The Happiest Part of Sad

Recently, I was telling Finn’s story to a lady who has known me for a few years. She wanted to see pictures of Finn. Looking at the pictures of me holding my lifeless baby, she remarked with surprise, “You look so… happy.”

And I was happy. And sad, numb, in shock, confused, and excited, all at the same time. Even in that haze of emotions, I knew I wanted to look back on the short amount of time I had with Finn and remember the happiness above all. His birth really wasn’t the saddest part of the whole experience. Giving birth to him was part of the original plan; it’s something I was expecting to experience. Our photographer captioned one of our photos with “Nothing is worth more than this moment.” and there couldn’t have been a more fitting description of the moment she captured. It was one of the happiest times because Finn was still with me, or his body, rather. He was in my arms and my little family was together for the only time it will ever be on this earth. I experienced the happiness mothers feel when they see their older child meet their new sibling, and for a short time,  both of my babies were snuggled up next to me.

Oh, how I had hoped my baby would have Phillip’s hair, and did he ever! Such a gorgeous, tiny baby who resembled his Daddy, the perfect complement to his brother who looks like me, and I couldn’t keep him. Saying goodbye to his body forever — now that was probably the saddest, lowest point of the whole experience. With great sorrow, I watched as his body began to waste away before my eyes. The same body that my body had put so much effort and love into nurturing for months. I kissed my baby and watched as he was taken out of the room, knowing that I just saw and touched him for the last time in my life. Giving up my child I had just met was not part of the original plan, nor was everything that followed. Instead of bringing him home, we brought home his cremated remains.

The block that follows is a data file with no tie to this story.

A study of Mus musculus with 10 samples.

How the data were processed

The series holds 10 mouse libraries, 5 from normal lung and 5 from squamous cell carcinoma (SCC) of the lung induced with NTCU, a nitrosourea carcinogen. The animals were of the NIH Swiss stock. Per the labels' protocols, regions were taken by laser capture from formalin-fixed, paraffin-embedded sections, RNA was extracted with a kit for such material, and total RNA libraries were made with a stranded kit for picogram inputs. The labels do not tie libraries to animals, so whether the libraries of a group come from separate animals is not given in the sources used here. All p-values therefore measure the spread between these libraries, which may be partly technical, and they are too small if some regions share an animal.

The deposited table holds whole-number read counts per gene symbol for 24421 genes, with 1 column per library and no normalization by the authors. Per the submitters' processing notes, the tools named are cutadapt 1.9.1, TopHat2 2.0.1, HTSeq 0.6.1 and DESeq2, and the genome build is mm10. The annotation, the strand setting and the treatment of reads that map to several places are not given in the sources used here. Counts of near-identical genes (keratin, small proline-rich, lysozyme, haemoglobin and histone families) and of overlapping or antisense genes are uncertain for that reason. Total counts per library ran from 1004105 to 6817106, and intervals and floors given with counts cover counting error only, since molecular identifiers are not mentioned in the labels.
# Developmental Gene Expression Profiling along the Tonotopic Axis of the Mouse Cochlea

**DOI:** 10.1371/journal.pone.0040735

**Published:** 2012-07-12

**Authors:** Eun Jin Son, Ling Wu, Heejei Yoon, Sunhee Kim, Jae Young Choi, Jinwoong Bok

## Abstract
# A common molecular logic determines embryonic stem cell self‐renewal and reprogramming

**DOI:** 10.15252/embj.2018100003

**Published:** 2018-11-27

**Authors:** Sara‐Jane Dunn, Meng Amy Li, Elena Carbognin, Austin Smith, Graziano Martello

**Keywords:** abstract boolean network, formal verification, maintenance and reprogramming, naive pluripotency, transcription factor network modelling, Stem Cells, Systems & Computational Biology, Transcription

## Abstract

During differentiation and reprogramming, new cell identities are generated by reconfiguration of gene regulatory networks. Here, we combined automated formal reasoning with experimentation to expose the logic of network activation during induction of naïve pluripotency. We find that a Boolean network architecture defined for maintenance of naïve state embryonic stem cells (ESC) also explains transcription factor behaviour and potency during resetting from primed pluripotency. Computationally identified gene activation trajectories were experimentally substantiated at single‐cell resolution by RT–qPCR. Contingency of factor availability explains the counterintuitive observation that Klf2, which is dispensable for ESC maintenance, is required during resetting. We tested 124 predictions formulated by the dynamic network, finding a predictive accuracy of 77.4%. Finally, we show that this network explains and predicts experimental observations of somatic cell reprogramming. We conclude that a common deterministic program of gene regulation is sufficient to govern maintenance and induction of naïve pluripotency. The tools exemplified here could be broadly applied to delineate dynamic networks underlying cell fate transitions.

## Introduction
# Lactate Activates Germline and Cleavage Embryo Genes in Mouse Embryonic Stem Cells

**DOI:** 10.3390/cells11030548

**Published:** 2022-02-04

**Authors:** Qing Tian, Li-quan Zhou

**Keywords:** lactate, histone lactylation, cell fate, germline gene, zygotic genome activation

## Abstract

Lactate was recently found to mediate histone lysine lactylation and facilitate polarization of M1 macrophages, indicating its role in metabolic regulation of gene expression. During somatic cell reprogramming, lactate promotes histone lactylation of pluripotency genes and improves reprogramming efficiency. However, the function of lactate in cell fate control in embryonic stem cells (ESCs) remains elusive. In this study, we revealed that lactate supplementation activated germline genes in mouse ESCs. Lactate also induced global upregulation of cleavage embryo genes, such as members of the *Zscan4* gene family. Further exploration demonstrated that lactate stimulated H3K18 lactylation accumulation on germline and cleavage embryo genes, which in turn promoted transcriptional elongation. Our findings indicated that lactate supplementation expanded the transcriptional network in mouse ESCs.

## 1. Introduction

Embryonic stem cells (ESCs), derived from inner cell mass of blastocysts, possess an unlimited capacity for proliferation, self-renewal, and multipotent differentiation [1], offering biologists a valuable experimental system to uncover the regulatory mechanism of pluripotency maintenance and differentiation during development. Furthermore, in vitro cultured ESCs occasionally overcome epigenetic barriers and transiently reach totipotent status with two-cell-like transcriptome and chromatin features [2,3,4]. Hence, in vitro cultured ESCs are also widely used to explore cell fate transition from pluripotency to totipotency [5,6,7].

I sat in the car outside the funeral home, all that was left of the baby I had carried for months in an urn on my lap. That beautiful hair, those tiny fingers and feet… all of him, reduced to ashes. His urn felt heavier than his body was. Also on my lap was the blanket he had been swaddled in. A funeral director had called me a few days before to tell me the blanket that Finn was swaddled in was “soiled” from the autopsy, and she asked if I would like her to try to clean it. I agreed, and so when I got his blanket back in a zip-lock bag, it was wet, smelled strongly of detergent, and still had very noticeable stains. One of the first things I did after placing Finn’s urn in his room was to spray down his blanket with hydrogen peroxide until every last stain was gone. I wished I could have grown a better body for Finn; I wished I could have fixed his body like I fixed his blanket. As much as I wanted Finn with me, I realized he had been made new in heaven, and that was the happiest part of all.